The Origins Science Scholars series continues Tuesday, Oct. 16, with a talk on race by Isaiah Nengo, associate director of Turkana Basin Institute. Held in the Tinkham Veale University Center ballroom, Nengo’s talk is titled “The Human Race vs. Races of Humans: Facts and Fantasies about Genes and Evolution.”
The evening will begin at 5:30 p.m. with cookies and coffee, Nengo will present his talk at 6 p.m. and a dinner and a Q&A session will follow at 7 p.m.
About the talk
What does race mean? Are cultural notions about it firmly rooted in biology, especially genetics, or is race primarily a social construction built on a few superficial characteristics superimposed on societal shortcomings, like inequality and xenophobia? Are subspecies in other animals genetically equivalent to human races? Should fossil forms like Neanderthals be considered different species, or are they biological races distinct from what should properly be considered the one single modern human race alive today? Nengo, a paleobiologist originally hailing from the Luo culture in Kenya, came to the U.S. for a PhD at Harvard University and has stayed ever since, giving him a unique vantage point on this issue. He will lead attendees through one of the thorniest puzzles confronting humankind today.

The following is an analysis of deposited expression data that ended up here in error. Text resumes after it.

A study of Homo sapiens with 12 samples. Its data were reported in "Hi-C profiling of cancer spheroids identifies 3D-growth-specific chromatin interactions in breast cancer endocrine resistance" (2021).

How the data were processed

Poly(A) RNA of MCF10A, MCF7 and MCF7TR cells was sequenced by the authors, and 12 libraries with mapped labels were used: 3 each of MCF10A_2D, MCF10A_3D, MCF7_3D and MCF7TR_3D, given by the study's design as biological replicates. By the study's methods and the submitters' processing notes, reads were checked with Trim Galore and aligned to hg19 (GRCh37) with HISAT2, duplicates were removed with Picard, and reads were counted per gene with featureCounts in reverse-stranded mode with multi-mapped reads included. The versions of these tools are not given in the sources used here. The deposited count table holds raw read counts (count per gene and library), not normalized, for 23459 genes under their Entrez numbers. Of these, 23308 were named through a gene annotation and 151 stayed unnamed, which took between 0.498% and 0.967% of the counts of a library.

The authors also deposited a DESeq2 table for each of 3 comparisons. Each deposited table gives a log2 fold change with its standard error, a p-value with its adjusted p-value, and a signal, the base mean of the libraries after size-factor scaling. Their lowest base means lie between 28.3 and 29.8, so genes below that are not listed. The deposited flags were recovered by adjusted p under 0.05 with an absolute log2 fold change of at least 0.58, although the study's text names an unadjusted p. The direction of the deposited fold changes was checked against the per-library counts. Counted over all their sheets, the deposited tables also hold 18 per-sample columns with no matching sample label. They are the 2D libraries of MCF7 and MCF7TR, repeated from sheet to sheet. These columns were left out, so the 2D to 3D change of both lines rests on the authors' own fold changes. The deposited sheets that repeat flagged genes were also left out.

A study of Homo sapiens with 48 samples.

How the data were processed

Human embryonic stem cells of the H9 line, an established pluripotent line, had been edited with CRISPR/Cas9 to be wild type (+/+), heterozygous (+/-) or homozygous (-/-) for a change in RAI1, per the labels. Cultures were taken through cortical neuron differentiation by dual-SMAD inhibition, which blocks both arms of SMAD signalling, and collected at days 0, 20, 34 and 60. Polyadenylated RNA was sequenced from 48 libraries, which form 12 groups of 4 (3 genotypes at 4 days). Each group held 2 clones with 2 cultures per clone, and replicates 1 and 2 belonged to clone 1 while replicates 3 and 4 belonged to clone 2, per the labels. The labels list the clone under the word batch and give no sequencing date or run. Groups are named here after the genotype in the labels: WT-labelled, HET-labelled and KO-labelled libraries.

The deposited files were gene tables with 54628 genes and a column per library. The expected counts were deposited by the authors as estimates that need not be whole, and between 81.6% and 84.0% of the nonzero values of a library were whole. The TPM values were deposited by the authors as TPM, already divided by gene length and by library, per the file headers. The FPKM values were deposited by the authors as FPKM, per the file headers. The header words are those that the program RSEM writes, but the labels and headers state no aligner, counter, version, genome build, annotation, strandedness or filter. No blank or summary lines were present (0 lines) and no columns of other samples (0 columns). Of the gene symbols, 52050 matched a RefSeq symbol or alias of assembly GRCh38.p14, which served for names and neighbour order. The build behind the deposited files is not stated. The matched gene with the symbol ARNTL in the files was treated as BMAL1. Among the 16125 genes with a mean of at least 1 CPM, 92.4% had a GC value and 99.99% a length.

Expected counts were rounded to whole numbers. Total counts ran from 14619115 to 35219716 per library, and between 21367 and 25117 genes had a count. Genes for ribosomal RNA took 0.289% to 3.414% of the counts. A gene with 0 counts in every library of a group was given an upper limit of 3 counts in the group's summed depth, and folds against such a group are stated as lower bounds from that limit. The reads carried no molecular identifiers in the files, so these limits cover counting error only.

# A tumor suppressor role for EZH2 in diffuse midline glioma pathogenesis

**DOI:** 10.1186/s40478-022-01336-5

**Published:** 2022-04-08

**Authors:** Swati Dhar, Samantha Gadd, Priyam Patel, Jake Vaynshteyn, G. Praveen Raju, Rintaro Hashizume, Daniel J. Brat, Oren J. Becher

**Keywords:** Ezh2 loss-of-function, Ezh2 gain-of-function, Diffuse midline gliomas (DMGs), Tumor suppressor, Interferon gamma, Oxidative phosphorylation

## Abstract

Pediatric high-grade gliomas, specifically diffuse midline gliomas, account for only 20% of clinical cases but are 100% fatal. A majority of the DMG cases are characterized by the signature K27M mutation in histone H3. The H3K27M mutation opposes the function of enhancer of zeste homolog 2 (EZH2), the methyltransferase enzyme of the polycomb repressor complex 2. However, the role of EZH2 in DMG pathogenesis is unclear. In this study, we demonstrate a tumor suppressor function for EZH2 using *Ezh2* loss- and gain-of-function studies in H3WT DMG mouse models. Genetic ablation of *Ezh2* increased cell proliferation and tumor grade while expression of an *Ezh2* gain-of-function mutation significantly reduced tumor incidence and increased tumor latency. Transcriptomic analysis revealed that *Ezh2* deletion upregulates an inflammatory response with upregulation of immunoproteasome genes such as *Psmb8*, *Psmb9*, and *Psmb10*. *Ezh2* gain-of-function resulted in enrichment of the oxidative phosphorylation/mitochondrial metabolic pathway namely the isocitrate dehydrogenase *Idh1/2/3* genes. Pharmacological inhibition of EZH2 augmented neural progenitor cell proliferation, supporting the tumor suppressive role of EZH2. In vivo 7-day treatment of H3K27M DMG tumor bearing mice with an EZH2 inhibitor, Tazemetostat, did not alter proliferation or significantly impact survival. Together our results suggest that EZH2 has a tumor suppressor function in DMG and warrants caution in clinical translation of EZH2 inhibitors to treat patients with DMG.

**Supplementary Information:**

The Siegal Lifelong Learning and the Institute for the Science of Origins—a partnership of several northeast Ohio research and educational institutions led by Case Western Reserve University—host the Origins Science Scholars series, which will run on Tuesdays through Nov. 13.
During this program, community members engage with one another and with leading scholars to investigate rapidly developing areas of origins science. Each evening features a presentation by a world–class researcher.
The event will cost $43 for members of the Laura and Alvin Siegal Lifelong Learning Program and $50 for all others.
Register on the Origins Science Scholars website.
For more information, contact Patricia Princehouse at 440.478.5292 or email@example.com.